Hyundai Motor’s chief operating officer Jose Munoz said the South Korean automaker wants to develop its own chips to reduce reliance on chipmakers.
Some auto makers have closed down their manufacturing units due to a shortage of semiconductors, triggered partly by surging demand for laptops and other electronic products during the pandemic.
Hyundai temporarily suspended some factories. Jose Munoz told reporters the worst has passed for the industry chip shortage, adding Hyundai had the toughest months in August and September.
He said the company’s parts affiliate Hyundai Mobis would play a key role in the in-house development plan.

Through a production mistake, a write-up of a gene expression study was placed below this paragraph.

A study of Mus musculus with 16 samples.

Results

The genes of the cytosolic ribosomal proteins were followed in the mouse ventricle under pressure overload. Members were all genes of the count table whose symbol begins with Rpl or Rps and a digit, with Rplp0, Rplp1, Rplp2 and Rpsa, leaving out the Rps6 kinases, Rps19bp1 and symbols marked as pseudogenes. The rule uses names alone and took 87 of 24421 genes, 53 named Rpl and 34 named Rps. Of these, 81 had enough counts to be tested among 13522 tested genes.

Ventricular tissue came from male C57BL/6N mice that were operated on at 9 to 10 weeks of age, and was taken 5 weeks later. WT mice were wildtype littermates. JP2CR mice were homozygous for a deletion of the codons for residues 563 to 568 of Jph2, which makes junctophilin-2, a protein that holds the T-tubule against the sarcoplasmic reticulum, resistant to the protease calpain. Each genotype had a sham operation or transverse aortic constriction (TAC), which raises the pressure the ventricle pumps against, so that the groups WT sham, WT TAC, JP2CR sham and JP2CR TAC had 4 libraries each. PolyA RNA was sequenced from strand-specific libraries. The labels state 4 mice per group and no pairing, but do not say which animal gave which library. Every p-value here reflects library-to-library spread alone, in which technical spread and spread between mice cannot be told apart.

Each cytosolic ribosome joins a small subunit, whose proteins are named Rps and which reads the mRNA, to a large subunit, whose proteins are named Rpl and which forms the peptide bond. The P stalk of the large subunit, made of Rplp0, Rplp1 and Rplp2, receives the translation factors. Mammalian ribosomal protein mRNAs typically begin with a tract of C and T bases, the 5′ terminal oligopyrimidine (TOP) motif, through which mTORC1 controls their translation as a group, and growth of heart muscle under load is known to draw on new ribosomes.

Hyundai Motor aims to deliver vehicles at the level of its original business plan in the fourth quarter, and offset some of its production losses next year.
Along with Toyota and Tesla, Hyundai is among a handful of automakers which increased global sales despite the chip shortage.
Hyundai decided not to cut orders during the pandemic, after seeing the Asian markets recover more strongly than expected, Munoz said.
Hyundai Motor is on track to produce electric cars in the United States in 2022, and is looking into both enhancing its existing factory in Alabama and increasing its production capacity.
He said the U.S. government needs to extend a proposed $4,500 tax credit incentive to U.S. electric vehicles made at non-union factories as well as union ones.
U.S. factories of Tesla and foreign automakers such as Hyundai and Toyota Motor are not unionized.